October 19, 2018

Mora Schools and Kanabec County Receive Resource’s Bridge Award

Roberta “Ro” Haight, University of Minnesota Extension Kanabec County Master Gardener, recalls the excited greeting she and colleague, Valerie Prax received from Mora Elementary School students as they arrived for a classroom vegetable tasting party. The students’ undeniable enthusiasm for garden vegetables is one reason why she considers the “Gardening is Science” program a success. Students learn the science behind how food grows, how collaboration brings good things to the community, and much more.

Resource Training & Solutions honored Kanabec County and Mora Schools with the Bridge Award for their work in developing the “Gardening is Science”project. The Bridge Award celebrates Resource member organizations who advance innovative solutions, demonstrate meaningful community progress, and advocate for positive change going beyond regular responsibilities.

Gardens Help Students

Haight and Prax wanted to get youth involved in gardening projects because of their ability to teach a multitude of concepts. They allow students to plan, make predictions, conduct experiments, practice math skills, discuss the history and politics of food production, and learn about nutrition.

Prax used the Junior Master Gardener curriculum from the Cooperative Extension at Texas A and M University as a planning starting point and inspiration for her own project. She presented her ideas to Mora Elementary School fifth grade teacher, KaylaThor, who liked the idea of teaching students in the natural environment with hands-on planting experiences. “It amazes me how many kids don’t have gardening experience, even though we live in a rural community,” Thor said.

Principal Randy Qual supported Thor as she began collaborating with Prax and Mora Elementary Curriculum Director, Lois Adams, to develop their own gardening curriculum focusing on third and fifth grade science learning benchmarks.

Building It Together

With a plan, the school secured initial grants for materials from the Mora Education Foundation (MEF) and the Jeffers Foundation.

Many community partners came forward to get the garden started. The Mora High School Applied Math and Construction class designed and constructed six raised bed structures and D&M Excavating, a local business, donated the soil for filling them. Bassett’s Greenery in Mora donated seed packets. The Mora High School Agriculture and FFA loaned garden tools and a portable greenhouse to the group so classes could start seedlings. Parents of local Girl Scouts built a fence and a sign for the garden, and Mora Elementary art classes created ceramic pieces to decorate the plots.

How Does this Garden Grow?

Thor’s students work with Prax and Haight to design garden plots by theme. One class chose “pizza” and planted tomatoes, onions, garlic, peppers, oregano, and basil. Another chose “dessert” and planted melons, carrots, beets, spearmint, and peppermint.

The students start seedlings, select plants, and learn how to transplant them in the garden plot. “Every kid has something to do.They are busy and interacting with the environment and each other. There is no behavior management for me as their teacher, because everyone is engaged,” she explains.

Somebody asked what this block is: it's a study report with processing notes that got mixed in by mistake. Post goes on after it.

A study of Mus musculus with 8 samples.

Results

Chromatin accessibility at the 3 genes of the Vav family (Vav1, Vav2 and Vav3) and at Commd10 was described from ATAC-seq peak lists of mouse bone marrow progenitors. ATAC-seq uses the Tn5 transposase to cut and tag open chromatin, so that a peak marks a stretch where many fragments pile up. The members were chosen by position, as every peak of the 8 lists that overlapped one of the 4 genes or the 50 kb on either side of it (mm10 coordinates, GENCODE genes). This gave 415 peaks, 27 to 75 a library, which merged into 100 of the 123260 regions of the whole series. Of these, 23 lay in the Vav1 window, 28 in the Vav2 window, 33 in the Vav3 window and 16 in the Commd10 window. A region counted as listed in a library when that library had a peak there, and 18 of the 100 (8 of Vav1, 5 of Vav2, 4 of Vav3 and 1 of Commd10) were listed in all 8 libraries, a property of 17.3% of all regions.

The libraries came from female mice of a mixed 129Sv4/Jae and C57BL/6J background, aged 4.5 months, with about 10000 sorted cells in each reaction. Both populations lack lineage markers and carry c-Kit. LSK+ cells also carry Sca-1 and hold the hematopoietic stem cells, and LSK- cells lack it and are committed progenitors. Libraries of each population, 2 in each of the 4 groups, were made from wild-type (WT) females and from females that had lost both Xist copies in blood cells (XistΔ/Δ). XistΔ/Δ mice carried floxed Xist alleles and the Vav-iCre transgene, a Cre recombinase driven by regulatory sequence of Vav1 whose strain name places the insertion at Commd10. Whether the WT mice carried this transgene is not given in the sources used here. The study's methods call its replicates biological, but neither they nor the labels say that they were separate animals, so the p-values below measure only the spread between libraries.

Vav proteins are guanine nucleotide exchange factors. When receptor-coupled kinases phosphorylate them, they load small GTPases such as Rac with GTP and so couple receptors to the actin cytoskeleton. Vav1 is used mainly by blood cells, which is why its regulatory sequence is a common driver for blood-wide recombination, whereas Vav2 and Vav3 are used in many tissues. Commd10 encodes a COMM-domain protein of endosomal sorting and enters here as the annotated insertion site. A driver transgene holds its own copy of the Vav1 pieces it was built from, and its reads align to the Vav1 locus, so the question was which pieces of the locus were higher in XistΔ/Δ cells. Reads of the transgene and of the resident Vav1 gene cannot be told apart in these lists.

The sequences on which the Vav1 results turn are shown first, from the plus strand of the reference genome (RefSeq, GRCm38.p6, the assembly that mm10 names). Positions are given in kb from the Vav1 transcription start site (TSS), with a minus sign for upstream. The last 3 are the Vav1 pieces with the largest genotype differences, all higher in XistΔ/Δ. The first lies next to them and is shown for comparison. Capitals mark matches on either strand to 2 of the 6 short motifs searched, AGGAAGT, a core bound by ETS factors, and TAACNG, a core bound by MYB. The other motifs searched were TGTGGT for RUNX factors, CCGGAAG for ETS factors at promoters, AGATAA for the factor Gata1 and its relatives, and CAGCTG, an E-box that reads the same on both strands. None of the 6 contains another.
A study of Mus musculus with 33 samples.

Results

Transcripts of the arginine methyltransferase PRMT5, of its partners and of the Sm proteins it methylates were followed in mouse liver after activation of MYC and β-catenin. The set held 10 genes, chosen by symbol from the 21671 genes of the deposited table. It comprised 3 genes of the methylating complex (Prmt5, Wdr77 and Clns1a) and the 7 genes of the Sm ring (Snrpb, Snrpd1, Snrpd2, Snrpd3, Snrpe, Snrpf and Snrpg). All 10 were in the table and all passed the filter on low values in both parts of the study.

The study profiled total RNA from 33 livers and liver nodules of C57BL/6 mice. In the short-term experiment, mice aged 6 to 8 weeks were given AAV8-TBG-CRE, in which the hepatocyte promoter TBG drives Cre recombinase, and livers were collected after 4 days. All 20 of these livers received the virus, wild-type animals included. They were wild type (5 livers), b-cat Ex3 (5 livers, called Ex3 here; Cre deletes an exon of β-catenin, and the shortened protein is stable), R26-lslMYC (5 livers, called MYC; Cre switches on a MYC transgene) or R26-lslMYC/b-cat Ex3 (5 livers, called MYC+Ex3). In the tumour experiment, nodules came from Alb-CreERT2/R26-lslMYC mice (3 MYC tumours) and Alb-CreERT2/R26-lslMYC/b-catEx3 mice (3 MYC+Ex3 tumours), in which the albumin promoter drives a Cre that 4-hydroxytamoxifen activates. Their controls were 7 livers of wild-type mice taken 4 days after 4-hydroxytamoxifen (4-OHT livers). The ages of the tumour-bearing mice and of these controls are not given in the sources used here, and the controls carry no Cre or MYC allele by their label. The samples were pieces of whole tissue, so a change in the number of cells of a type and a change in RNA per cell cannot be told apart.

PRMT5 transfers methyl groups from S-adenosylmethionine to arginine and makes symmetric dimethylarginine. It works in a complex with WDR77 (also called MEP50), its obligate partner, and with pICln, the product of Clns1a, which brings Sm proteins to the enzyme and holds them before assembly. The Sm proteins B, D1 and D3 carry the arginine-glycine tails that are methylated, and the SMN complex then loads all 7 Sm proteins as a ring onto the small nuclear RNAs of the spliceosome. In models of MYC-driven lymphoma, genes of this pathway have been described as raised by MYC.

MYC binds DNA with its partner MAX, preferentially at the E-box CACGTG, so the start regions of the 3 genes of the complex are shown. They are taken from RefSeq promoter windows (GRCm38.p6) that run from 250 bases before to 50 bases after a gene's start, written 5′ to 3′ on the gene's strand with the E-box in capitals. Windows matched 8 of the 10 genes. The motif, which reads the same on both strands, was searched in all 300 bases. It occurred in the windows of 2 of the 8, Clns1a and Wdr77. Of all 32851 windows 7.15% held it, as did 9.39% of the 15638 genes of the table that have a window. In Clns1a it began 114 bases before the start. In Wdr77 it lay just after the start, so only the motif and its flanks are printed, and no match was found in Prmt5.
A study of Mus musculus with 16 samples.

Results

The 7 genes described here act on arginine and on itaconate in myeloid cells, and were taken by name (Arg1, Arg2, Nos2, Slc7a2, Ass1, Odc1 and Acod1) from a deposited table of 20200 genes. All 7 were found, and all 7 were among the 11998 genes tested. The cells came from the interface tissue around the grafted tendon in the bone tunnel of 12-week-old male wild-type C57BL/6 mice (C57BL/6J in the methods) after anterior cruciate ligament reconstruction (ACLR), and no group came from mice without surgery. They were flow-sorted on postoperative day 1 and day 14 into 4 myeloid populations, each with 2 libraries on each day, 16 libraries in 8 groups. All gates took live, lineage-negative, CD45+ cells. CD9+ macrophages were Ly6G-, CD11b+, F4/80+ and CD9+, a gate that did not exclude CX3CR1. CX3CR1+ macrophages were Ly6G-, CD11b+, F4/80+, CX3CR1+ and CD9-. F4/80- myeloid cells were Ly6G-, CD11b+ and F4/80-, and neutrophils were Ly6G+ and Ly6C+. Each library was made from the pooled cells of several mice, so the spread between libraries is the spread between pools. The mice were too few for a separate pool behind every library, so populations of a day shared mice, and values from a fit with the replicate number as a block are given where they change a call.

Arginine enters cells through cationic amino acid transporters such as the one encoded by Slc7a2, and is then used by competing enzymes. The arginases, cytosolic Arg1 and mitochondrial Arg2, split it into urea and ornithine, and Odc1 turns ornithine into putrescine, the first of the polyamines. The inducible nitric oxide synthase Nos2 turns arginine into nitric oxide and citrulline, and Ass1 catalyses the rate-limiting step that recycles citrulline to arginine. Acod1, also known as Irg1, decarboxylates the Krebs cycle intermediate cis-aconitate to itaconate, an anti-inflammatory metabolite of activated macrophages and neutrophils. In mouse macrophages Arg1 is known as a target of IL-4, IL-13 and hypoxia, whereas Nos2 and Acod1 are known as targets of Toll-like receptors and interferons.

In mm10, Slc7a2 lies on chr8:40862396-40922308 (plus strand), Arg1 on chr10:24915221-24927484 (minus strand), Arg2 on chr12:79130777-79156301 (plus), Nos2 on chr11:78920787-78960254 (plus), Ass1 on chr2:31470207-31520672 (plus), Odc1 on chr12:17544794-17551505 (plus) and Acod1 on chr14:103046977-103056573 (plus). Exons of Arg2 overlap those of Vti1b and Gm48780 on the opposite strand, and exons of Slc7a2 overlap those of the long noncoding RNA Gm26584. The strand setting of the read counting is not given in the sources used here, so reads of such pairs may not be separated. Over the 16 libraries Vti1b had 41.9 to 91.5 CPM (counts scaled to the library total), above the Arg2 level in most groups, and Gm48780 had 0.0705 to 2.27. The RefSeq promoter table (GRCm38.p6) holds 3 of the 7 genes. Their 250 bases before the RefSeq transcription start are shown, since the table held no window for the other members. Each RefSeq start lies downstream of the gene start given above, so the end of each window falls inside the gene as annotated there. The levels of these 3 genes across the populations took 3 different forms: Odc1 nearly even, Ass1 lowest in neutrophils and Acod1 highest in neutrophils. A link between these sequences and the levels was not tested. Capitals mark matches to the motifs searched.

The gardening curriculum includes exposure to vegetables that may be new to students, like jicama, and kale. Students learn not only about garden plants themselves, but also about healthy eating and nutrition. Research shows this leads them to taste produce that they wouldn’t otherwise choose and fosters lifelong healthy eating habits.

Students build on what they learn about with their own garden by taking field trips to other growing locations. Classes have toured Sapsucker Farms where they learn about beekeeping, apple growing, the maple syrup making process, hoop houses, and mushroom growing. They have traveled to see the Water Ways Exhibit at the Audubon Center of the Northwoods, and have toured the Mora Community Garden. Thor tries to expose students to wildlife, habitats, and the natural world that connect to the school garden plot but also extends beyond it.

Community Partners

When the school year ends, and classes depart for summer vacation, community volunteers pitch in to keep the garden growing through its most important season. Girl Scout Troop 850 volunteers Brie Struwve, Lauren Kohlgran, and Annelise Moe work in the garden some of the produce to the Mora Food Shelf. “Our troop is able to stock the food shelf with fresh vegetables instead of processed food,” Moe said. “That is better for people.”

Haight also works with residents from Recovering Hope, an addiction treatment center for women. The residents also get the opportunity to learn about gardening and work in the Mora Elementary School garden over the summer. Sherry Bittner, a resident says, “The way Ro teaches is great. She takes her time to explain things and I love learning new things.” Fellow resident, Tabitha Dick, agrees and hopes the volunteer work leads to good job references later on.

“Being an addict, it’s a struggle to get back into society,” Bittner said. “For me, this work is a privilege and a chance to contribute.”

Thor credits the project’s extensive community collaboration to the team’s willingness to ask for help. “We’ve had so many groups step up,” she said. “My advice to anyone starting a project with community partners is to not be afraid to reach out for help.”